Solar will rapidly become the backbone of our electricity system and by using AI to allow customers to better understand the technology, we hope to help Kiwis make a smart decision about how to power their homesAndrew Booth, solarcity
solarcity is rolling out an artificial intelligence chatbot online service that will make it easier for Kiwis to switch to solar power.
“Sizing up the possible pros and cons of solar can be a hassle, but solarcity’s Sunny chatbot removes the need for a site evaluation or complex calculator to tell you if your home is suitable,” says Andrew Booth, CEO of the solar energy services company.
“Solar will rapidly become the backbone of our electricity system and by using AI to allow customers to better understand the technology, we hope to help Kiwis make a smart decision about how to power their homes their way,” says Booth, in a statement.
Trade Me will be the first to offer its members the ability to use ‘Sunny’ to help them calculate the savings and benefits of going solar.
“At Trade Me we believe solar energy is the way of the future for New Zealand. So, when we realised Sunny’s ability to help Kiwis work out the savings and benefits of switching to solar, we jumped on board,” says Trade Me’s Sustainability lead Josh Borthwick.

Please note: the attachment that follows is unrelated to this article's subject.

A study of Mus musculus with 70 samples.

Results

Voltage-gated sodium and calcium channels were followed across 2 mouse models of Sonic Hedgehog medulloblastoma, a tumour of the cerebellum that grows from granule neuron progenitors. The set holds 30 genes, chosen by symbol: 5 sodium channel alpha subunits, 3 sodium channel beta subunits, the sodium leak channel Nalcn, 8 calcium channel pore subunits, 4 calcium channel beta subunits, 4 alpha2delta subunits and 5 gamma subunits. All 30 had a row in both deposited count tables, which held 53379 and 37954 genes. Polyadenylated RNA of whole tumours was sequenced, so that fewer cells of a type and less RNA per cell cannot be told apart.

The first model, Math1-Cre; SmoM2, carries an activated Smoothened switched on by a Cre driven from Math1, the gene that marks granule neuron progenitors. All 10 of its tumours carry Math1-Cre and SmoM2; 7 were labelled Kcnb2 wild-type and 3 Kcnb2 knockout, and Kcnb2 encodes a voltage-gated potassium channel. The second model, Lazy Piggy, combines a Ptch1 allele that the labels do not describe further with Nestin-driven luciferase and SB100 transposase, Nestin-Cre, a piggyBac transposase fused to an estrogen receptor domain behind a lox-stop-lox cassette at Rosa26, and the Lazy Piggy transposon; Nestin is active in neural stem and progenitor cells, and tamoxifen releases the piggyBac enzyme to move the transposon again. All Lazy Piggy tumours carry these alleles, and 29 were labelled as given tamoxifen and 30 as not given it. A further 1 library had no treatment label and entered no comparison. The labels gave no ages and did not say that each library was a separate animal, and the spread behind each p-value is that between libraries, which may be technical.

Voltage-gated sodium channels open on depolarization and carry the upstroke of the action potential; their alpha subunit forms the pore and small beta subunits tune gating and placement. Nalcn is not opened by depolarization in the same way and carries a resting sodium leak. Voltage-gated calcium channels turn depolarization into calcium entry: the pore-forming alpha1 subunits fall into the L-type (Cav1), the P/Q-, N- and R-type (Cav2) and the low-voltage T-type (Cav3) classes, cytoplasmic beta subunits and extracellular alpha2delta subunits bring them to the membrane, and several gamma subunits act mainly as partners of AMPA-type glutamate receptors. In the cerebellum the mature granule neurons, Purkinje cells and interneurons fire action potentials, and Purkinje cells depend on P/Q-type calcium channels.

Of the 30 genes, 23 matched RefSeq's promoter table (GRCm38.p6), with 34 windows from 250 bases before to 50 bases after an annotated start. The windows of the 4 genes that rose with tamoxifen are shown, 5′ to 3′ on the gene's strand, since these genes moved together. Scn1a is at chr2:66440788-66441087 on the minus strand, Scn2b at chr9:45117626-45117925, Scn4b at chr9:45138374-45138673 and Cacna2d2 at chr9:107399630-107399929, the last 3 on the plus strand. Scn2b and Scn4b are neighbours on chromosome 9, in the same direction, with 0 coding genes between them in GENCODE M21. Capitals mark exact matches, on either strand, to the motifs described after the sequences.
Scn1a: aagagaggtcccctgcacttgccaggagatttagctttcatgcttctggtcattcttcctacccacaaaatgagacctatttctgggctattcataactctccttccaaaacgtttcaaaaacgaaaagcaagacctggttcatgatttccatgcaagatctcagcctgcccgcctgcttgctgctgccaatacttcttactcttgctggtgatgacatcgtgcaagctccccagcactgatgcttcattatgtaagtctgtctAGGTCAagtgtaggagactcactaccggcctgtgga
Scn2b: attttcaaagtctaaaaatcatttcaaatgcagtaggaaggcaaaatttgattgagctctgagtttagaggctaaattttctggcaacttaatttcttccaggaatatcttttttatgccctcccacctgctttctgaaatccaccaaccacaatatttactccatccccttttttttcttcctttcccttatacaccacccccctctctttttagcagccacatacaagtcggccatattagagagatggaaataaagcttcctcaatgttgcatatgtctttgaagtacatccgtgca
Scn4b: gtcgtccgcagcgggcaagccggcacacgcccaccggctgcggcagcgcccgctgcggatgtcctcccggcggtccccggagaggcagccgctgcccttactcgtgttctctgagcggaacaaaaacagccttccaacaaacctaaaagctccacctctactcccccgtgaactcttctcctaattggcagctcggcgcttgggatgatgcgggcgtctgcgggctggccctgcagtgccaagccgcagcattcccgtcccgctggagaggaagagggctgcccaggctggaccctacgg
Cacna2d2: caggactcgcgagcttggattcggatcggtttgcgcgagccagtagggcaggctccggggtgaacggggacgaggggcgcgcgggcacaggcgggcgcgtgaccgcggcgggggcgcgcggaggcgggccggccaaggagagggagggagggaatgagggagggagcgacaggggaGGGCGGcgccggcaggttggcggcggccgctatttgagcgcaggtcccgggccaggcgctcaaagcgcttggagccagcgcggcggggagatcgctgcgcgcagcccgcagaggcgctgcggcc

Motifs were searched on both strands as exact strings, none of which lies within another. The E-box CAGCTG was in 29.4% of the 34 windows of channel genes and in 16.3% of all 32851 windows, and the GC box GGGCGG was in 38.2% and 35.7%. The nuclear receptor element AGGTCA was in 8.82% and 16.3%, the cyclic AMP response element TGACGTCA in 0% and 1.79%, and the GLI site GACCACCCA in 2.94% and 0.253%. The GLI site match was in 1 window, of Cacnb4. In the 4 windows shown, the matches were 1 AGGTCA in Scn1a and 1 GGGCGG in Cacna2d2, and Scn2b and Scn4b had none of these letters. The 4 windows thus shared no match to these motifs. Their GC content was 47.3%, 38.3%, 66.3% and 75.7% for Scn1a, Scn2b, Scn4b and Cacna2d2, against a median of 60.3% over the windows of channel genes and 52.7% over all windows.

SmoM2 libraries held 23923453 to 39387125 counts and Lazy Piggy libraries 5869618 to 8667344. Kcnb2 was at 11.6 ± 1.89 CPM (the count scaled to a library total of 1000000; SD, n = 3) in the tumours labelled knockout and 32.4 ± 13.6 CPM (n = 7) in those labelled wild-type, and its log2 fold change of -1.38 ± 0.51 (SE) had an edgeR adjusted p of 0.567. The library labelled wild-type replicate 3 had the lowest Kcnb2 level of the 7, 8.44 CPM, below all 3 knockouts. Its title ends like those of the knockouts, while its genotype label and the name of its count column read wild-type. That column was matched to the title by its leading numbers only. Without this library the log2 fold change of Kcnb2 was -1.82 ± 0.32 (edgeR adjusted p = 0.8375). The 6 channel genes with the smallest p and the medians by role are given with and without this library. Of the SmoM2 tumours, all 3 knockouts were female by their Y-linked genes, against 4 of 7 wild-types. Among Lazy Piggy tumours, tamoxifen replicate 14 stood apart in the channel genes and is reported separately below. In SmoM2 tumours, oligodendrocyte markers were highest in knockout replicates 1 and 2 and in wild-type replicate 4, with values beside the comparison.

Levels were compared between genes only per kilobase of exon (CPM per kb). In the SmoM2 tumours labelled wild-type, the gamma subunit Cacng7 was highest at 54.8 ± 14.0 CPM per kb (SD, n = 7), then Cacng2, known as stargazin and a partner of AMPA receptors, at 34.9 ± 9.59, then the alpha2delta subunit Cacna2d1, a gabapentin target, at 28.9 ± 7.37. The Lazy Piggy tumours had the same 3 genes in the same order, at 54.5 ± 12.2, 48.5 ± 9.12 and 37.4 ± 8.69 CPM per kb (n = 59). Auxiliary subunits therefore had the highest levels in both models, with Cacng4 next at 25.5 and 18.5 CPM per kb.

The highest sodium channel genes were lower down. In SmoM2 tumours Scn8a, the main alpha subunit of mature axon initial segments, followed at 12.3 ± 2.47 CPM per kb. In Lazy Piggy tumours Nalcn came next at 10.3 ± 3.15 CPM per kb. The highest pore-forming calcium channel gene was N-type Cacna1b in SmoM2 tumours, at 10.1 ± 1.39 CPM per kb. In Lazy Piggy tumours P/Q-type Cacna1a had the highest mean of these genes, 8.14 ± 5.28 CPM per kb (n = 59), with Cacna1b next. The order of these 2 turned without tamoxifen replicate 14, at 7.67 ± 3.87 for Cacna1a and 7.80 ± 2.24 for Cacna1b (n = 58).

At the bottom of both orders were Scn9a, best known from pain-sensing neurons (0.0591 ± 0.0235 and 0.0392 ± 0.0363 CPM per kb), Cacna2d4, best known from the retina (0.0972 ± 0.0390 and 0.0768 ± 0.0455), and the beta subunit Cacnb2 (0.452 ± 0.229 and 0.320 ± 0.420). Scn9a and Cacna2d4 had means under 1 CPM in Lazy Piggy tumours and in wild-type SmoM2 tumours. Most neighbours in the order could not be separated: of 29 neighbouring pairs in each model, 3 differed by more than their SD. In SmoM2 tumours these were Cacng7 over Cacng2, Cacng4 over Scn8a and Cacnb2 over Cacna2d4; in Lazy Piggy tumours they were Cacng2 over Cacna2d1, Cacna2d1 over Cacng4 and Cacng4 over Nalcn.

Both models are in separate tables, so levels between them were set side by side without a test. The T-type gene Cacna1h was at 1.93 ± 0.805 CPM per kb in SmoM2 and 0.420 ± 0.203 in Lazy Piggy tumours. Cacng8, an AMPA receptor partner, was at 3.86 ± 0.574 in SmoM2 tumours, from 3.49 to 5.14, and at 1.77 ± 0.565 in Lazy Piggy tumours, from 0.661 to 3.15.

The AI-backed chatbot provides a digital service so homeowners no longer have to take time off work to see if their home is suitable for solar and spend hours on the phone to see how much the solar roof could save them.
Sunny combines the eye-in-the-sky images behind Google Earth, GIS data from across city councils with NIWA data on local weather patterns, along with local energy prices and proprietary algorithms to arrive at the savings consumers can make from day one.
As with other AI technology, Sunny developed in collaboration with Panasonic, will learn as it interacts with people, based on the conversations it has with them.
“The world’s best digital companies foster a culture of customer-led design and collaboration. For solarcity to meet its digital ambitions to help customers to make the simple switch to solar, we must embed this culture of thinking, acting and doing as leading digital companies do,” says Stewart Fowler, CEO of Panasonic.
Sunny will fully integrate with the solarZero app, which solarcity recently launched with Vodafone.The app allows customers to turn their home into a smart home and control appliances from anywhere in the world.
Sunny’s launch follows that of Air New Zealand, whose first foray into AI was with chatbot Bravo Oscar Tango, Oscar for short. Oscar assists customers with commonly asked queries, saving them time and offering a more personalised experience than searching a traditional Frequently Asked Questions section online.